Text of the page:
Q: How do I make a comeback from a bad evaluation?

A: Receiving negative feedback in the workplace can be very difficult, but when negative feedback comes in the collective form of an overall “bad” evaluation it can be devastating to one’s professional ego and sense of mastery. That being said—there is life and career after what you call a “bad” evaluation if you can identify and find some constructive lessons that you can use in the future.

First, it is helpful to reframe the term “bad evaluation” by really understanding its purpose and message. This might be hard initially—but at some point ask yourself how much of the evaluation was on target and how much was unfair? What parts of the evaluation do you believe have merit and which parts do not? At the end of the day—how much you internalize and learn from the negative feedback—is your choice. With a little distance and time, you might be able to glean some important information about what is expected of you, what benchmarks need to be met, how best to garner support and help from your workplace and what substantive skills need to be improved.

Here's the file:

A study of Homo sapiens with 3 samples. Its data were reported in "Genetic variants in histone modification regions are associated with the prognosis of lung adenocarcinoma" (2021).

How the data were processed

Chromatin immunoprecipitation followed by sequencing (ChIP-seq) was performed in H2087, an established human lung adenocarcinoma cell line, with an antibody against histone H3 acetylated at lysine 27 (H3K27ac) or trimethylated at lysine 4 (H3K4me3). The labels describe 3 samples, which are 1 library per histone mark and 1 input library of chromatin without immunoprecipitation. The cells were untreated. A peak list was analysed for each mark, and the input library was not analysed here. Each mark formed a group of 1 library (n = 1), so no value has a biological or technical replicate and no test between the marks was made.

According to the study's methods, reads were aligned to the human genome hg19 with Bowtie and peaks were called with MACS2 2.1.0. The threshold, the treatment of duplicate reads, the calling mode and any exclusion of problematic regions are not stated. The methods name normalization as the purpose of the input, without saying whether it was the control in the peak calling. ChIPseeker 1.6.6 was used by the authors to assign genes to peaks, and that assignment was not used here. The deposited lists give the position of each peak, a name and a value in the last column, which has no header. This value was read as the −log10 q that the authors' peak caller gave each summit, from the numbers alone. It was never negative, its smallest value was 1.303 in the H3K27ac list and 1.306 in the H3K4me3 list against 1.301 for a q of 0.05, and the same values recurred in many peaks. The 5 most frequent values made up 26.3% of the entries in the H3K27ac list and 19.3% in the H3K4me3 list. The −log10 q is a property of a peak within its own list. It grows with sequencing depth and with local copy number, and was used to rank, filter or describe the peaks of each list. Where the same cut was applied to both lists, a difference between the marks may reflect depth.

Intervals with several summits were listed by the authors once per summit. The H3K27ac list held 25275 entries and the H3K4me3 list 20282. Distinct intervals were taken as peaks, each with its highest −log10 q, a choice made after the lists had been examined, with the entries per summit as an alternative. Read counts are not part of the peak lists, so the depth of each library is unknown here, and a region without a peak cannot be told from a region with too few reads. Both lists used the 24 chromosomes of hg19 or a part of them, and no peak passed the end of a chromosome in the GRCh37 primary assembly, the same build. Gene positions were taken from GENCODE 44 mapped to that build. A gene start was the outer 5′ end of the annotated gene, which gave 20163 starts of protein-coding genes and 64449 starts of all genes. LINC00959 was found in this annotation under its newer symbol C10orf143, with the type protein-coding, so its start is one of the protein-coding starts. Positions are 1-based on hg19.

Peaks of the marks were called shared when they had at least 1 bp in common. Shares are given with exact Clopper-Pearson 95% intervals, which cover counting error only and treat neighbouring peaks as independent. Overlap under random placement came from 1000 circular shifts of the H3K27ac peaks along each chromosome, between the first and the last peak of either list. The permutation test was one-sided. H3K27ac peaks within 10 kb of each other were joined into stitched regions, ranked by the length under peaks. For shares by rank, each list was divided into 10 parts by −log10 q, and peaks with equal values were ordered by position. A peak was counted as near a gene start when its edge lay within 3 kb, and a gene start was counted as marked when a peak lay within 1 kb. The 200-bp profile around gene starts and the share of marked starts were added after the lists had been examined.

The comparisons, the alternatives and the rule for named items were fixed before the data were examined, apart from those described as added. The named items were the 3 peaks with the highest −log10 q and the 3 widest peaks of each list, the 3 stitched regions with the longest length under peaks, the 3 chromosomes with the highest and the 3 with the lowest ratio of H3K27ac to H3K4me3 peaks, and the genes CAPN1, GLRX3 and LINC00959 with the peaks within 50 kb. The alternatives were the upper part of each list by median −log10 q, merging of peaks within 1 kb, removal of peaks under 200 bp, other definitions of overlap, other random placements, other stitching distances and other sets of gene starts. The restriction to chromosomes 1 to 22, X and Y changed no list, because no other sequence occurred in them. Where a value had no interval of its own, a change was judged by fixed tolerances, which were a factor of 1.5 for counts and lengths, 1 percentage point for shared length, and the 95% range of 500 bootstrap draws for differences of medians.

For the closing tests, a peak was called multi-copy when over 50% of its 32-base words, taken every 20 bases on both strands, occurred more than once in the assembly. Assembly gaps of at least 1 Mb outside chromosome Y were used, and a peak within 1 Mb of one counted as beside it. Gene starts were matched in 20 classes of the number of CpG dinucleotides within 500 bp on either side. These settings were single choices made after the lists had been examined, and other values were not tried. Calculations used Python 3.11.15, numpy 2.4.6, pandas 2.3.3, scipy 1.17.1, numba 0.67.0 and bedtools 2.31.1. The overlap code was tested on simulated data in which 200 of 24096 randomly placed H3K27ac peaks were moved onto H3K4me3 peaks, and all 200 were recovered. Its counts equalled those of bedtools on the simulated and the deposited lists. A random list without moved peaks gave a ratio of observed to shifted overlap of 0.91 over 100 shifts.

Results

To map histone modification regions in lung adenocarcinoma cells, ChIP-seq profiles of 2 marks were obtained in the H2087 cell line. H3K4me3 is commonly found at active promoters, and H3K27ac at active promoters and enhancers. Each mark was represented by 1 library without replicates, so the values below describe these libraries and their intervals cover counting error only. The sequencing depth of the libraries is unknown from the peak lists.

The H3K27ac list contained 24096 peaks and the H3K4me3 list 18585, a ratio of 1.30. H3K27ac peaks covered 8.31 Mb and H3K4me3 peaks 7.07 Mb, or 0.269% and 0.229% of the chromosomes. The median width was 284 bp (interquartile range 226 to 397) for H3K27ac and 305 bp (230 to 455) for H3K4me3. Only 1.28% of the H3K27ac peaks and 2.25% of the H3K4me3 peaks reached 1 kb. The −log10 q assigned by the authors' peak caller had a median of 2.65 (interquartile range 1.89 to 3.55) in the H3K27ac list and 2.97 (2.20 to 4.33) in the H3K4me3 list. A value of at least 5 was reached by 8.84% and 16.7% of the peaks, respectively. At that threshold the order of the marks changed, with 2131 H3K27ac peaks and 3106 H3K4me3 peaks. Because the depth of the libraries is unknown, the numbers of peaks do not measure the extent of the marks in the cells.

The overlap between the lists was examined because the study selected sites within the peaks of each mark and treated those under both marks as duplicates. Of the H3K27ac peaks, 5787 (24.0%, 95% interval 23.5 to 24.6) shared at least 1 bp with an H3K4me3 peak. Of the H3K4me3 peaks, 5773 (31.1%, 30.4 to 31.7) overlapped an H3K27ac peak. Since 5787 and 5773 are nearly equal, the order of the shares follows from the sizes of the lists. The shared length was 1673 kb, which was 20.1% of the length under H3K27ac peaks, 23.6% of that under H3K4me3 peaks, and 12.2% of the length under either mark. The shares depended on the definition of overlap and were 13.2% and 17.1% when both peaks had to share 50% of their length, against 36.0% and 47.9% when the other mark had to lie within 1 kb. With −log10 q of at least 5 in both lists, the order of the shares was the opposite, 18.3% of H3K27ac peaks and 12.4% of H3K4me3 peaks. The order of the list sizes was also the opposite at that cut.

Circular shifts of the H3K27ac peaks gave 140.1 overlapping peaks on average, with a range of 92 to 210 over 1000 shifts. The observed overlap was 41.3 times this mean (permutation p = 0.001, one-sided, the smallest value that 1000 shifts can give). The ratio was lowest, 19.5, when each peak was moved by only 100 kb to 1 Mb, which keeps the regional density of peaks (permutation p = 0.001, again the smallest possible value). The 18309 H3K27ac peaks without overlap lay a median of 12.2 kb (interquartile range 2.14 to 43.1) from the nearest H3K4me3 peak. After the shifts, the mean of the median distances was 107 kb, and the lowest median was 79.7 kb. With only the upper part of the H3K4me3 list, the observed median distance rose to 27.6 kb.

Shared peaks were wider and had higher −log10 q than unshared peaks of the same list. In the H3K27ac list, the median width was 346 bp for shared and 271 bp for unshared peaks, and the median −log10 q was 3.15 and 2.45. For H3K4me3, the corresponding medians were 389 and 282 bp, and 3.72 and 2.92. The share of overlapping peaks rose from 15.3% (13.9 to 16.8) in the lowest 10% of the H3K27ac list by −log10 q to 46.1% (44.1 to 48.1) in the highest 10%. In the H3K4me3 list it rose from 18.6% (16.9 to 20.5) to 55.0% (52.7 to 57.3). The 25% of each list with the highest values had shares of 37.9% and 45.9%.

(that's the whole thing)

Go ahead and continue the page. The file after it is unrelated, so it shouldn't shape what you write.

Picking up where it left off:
Now onto the comeback part of your question. Armed with this new information about how to improve your skills and what areas need development, enlist the support of more senior attorneys, mentors, partners and professional development individuals to help you improve and hone identified areas of weaknesses. The “comeback” part rests squarely on your shoulders.

By focusing on what can be learned and changed, setting a course of action for either obtaining those needed skills or enlisting the support of others you start to lay a strong foundation for a comeback in attitude, in mindset and in results.